Accomplice faces death penalty for Oklahoma City bombing


A jury in rural Oklahoma found Terry Nichols guilty on 161 charges of first-degree murder yesterday, making him eligible for the death penalty for his role in the 1995 Oklahoma City bombing, even though he did not detonate the truck bomb himself and was 200 miles away at home in Kansas when the devastating explosion took place.

A jury in rural Oklahoma found Terry Nichols guilty on 161 charges of first-degree murder yesterday, making him eligible for the death penalty for his role in the 1995 Oklahoma City bombing, even though he did not detonate the truck bomb himself and was 200 miles away at home in Kansas when the devastating explosion took place.

It took just five hours for the jury to return its verdict after a two-month trial in which evidence in key portions of the defence case - arguing that Nichols was a bit-player in a much broader conspiracy - was withheld by the judge. The six men and six women on the jury in the small town of McAlester, home of the trial, appeared to be untroubled by the fact that first-degree murder charges are almost never applied in cases where the defendant did not personally carry out the killing.

Instead, they sided unanimously with prosecuting attorney Sandra Elliott, who said in her summing up: "Just because he didn't drive the truck it doesn't mean he's not guilty."

Reporters in the courtroom said the jurors were smiling and nodding their heads as Ms Elliott spoke. Family members of the victims were elated with the outcome, making little secret of the fact that they were interested in seeing Nichols sent to the execution chamber, whatever the merits of the case.

The trial was controversial from the outset, since Nichols was previously convicted in federal court on conspiracy charges relating to the eight federal employees who died in Oklahoma City on April 19, 1995, and is already serving a life sentence in a maximum security facility with no parole.

Oklahoma state prosecutors decided to reopen the case and try Nichols for the other 160 deaths, plus one unborn foetus, specifically in the hope of securing a death sentence. That now seems more than likely, as the same jury moves to the penalty phase of the Nichols trial, which is expected to last several more weeks.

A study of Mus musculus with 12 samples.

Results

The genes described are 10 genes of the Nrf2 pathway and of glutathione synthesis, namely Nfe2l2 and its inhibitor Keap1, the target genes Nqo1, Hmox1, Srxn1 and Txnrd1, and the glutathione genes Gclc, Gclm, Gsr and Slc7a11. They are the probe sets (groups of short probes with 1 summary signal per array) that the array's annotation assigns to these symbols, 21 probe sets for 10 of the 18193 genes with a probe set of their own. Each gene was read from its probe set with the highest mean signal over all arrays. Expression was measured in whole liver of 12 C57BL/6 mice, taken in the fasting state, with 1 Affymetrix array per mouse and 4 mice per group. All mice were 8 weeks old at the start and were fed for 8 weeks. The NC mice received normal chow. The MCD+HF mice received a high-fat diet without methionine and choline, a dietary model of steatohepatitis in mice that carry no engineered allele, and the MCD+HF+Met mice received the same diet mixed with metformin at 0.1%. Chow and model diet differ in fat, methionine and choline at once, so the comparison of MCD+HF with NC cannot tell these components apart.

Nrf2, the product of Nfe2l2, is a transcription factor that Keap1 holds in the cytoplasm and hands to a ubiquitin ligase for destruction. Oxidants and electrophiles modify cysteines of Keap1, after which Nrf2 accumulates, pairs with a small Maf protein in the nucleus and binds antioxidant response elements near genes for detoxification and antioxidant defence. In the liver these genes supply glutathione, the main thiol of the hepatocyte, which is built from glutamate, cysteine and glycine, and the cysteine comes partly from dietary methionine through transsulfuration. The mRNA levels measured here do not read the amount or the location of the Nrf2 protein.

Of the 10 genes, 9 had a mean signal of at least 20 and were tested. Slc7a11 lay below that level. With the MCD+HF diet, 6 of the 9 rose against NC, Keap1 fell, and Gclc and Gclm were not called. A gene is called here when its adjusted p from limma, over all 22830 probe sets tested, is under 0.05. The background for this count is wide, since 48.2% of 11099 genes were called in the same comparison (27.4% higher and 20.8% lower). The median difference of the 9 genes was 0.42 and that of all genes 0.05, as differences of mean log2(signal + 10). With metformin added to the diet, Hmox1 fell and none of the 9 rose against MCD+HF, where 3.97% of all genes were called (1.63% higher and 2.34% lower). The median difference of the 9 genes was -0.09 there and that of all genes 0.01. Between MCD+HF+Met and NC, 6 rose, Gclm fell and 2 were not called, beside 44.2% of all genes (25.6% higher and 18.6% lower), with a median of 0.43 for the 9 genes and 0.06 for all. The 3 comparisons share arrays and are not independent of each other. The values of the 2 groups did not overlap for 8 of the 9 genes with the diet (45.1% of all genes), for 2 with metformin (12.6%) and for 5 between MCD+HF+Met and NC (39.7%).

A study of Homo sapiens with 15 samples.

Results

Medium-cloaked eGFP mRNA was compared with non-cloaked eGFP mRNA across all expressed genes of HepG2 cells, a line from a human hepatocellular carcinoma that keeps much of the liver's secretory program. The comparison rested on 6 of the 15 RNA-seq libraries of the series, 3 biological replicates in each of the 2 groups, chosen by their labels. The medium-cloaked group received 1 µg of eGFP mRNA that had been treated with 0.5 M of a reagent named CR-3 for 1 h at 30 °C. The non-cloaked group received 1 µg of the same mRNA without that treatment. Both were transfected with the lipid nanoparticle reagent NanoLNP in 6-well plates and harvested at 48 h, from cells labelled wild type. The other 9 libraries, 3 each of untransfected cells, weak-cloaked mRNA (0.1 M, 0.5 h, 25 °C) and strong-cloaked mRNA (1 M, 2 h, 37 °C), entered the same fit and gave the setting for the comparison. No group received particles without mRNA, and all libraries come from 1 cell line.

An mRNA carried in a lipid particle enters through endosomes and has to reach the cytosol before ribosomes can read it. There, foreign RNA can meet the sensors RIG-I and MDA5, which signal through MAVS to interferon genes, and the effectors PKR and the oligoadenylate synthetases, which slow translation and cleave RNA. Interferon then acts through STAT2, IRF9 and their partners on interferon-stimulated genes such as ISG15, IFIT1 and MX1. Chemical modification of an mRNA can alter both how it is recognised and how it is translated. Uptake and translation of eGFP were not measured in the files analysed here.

Several observers have complained that the trial smacked more of a lust for vengeance than a dispassionate search for the truth. The trial venue was moved from Oklahoma City on the grounds that a fair hearing would have been impossible, but it is likely that local sensibilities in McAlester were just as crudely hostile to a man associated with the most deadly peacetime attack on US soil before 11 September 2001.

Nobody doubts that Nichols was close to Timothy McVeigh, the man labelled as the chief architect of the bombing, who was executed three years ago, or that he helped McVeigh hatch the plot and obtain the ingredients for the fertiliser-based bomb.

But government documents and witness testimony gathered since the original investigation have suggested that may have been all he did, and that McVeigh belonged to a much broader conspiracy of white supremacist extremists centered on a neo-Nazi bank robbery gang. Several people were seen with McVeigh in Oklahoma City on the day of the bombing, although none has been conclusively identified.

Defence efforts to introduce evidence about the bank robbery gang and to put the gang's ringleader on the stand were rejected by Judge Steven Taylor, who said the connection amounted to no more than hearsay. He also rejected a defence motion arguing that the case should be thrown out because of a pattern of misrepresentations by the Federal Bureau of Investigation and withholding of exculpatory documents.

Defence lawyers were left alluding to shadowy figures they could not name and complaining of official "manipulation, betrayal and overreaching" - not a message destined to make much headway in rural Oklahoma.

As Paul Howell, who lost his daughter Karen in the blast, told reporters outside the courthouse: "This is a little different part of the country. This is what they call Little Dixie. They take care of their own around here, but the thing about it is, they do believe in justice."